NIH Inadvertently Exposes Data on Individual Employees’ Vaccination Statuses Online | Beaufort County Now | Government science agency still social distancing in its office despite saying more than 83% of employees are vaccinated

Coronavirus Disease 2019 (COVID-19)
Publisher's Note: This post appears here courtesy of the The Daily Wire. The author of this post is Luke Rosiak.

    A high-level medical research unit within the National Institutes of Health (NIH) exposed a list of its employees and their self-reported vaccination statuses online, according to materials obtained by The Daily Wire.

    "Dr. Gulley would like to get an idea of how many in GMB/MOS have been fully vaccinated. Apparently they are saying 86% of CR staff are vaccinated, but think that is an underestimate. Just to note, we are now allowed to ask these questions. If [sic] don't mind participating in the poll that would be great," program specialist Tammy Cole wrote in an email to the Genitourinary Malignancies Branch (GMB) of the Center for Cancer Research at NIH on June 8. The unit is led by Dr. James L. Gulley.

    The email included a link to a public website on the survey platform Doodle, viewed by The Daily Wire, that listed the names of more than 75 NIH employees. They clicked on a checkmark next to their name to indicate whether they had been vaccinated or not, and all of the names and results were visible to others.

    The Daily Wire sent questions about the data to NIH on Friday. On Saturday the agency asked for, and was provided, more information from the publication. But as of Monday afternoon, the employees' names and vaccination statuses were still visible to anyone with an internet connection.

    A doctor in the unit, who spoke on condition of anonymity, told The Daily Wire that it was an unscientific push-poll that leaked people's medical information onto the internet and raised questions about the U.S. government's scientific agencies.

    "These are the highest level medical researchers in the country... It's unscientific data, they expose their employees to having their medical information posted online with an unsecured link. You're tasked to safeguard a patient's data and you just sell your employees out like this. They should know better, and they really screwed it up."

    The doctor added that making named employees' answers to the survey visible to their colleagues had the effect of creating peer pressure and subjecting those who did not get vaccinated to retaliation.

    "You can look people up and say who should we treat like a leper? I think the people pushing this right now are under intense pressure right now to toe the line that's being pushed on them from on high."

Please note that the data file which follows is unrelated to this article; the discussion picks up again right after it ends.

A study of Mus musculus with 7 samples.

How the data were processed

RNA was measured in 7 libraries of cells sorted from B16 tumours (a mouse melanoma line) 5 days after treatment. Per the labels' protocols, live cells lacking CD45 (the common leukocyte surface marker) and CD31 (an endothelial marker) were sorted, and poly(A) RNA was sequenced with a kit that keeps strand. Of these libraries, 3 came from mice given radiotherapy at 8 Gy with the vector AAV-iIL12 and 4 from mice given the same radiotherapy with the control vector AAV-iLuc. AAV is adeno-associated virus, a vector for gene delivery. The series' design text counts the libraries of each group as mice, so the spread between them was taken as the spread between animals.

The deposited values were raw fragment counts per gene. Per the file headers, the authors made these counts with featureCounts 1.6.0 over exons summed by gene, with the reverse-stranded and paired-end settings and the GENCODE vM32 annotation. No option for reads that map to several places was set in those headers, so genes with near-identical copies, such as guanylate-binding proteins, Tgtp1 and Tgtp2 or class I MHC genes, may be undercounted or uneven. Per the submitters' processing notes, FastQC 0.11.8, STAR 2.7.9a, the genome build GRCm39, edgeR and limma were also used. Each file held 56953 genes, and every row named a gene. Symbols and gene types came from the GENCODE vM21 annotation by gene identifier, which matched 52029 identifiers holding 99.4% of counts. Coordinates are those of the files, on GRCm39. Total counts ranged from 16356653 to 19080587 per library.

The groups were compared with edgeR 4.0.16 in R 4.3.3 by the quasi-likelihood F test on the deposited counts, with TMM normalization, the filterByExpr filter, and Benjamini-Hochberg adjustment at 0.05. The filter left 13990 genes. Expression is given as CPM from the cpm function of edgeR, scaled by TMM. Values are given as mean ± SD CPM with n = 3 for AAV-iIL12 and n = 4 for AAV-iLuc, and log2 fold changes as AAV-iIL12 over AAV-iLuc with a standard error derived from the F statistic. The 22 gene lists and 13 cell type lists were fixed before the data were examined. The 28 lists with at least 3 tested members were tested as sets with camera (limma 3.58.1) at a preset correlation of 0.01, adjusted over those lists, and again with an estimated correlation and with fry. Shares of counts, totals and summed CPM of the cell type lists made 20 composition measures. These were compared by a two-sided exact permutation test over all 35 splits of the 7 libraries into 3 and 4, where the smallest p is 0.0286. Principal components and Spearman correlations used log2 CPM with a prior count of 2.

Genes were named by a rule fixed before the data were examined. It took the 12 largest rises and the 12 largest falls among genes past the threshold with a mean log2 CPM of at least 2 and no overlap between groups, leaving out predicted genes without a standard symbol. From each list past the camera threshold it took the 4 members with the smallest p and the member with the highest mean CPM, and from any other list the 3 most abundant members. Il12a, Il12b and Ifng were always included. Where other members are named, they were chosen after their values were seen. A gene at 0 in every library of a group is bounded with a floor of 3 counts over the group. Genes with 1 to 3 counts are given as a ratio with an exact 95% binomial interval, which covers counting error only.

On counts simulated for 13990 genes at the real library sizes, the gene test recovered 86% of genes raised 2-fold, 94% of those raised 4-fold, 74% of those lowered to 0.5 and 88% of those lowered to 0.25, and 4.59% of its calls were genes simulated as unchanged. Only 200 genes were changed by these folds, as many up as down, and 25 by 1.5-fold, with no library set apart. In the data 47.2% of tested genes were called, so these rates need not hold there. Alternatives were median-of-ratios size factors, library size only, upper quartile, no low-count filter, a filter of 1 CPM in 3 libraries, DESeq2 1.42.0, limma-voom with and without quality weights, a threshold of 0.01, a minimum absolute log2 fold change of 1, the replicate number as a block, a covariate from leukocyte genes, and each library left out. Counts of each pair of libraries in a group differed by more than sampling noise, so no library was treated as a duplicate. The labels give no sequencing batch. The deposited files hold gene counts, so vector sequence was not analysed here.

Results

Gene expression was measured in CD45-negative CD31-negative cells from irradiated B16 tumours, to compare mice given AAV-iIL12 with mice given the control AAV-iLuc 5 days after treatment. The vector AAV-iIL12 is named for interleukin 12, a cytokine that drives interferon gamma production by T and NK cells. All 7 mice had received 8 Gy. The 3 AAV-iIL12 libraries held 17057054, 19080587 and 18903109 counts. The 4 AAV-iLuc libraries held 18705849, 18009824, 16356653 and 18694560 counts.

On May 11, Dr. Anthony Fauci, the head of the National Institute of Allergy and Infectious Diseases (NIAID), told Congress that he estimated that "probably" about 60% of employees in his agency had been vaccinated by the data.

    Peter Marks, the head of the Food and Drug Administration's Center for Biologics Evaluation, told Congress the figure among his employees was "probably in the same range."

    Both said they were not sure, and Reuters noted that that would put the rates of government health experts who were vaccinated at about the same rate as the population at large.

    Still, the prospect that not all government experts had chosen to get vaccinated after the shots were widely available posed a problem for public relations efforts that implied that only misinformation or ignorance would cause people to not take the vaccine.

    The doctor said some medical experts carefully read the literature and determined that for them, the risks of an adverse reaction to the shot exceeded the risk of coronavirus itself. "You can look at the data on new cases," such as data for Maryland — where NIH is located — that shows 0.75% testing positive and 162 hospitalizations in a state of six million. "You look at the CDC publication that says 3% of people are subject to serious adverse events. And you can think to yourself what's the risk benefit?"

    The employee called the new survey a "PR move" to allow medical agencies to report higher numbers of vaccinations among medical experts. The online survey reported that almost everyone had been vaccinated, but the employee noted that it was entirely self-reported and said "I bet a ton of those people lied" — with the ability to see how colleagues had answered creating peer pressure.

    The employee said that NIH itself is still practicing social distancing and mask-wearing, with some employees working from home because not everyone can fit in the office while maintaining social distance.

    NIH's cancer research unit did not return a request for comment on whether, given that it believes that more than 86% of employees are vaccinated, that implied that management itself does not trust the vaccine's efficacy.

    A document from NIH Human Resources titled "Management Guidance — COVID-19 Vaccinations" says "Supervisors can request Federal employees to disclose whether they have received a COVID-19 vaccination only for legitimate business reasons (e.g., travel quarantine requirements, to determine physical spacing requirements in a lab) and cannot be used to determine if or when an individual employee is allowed in the workplace. If the employee has not been vaccinated, the supervisor cannot coerce or retaliate against the employee. Additionally, this information cannot be used to harass, or discriminate against employees, and cannot be used to make decisions about their individual employment status."

    NIH's cancer research group also did not respond to a question about the legitimate business reason for the survey.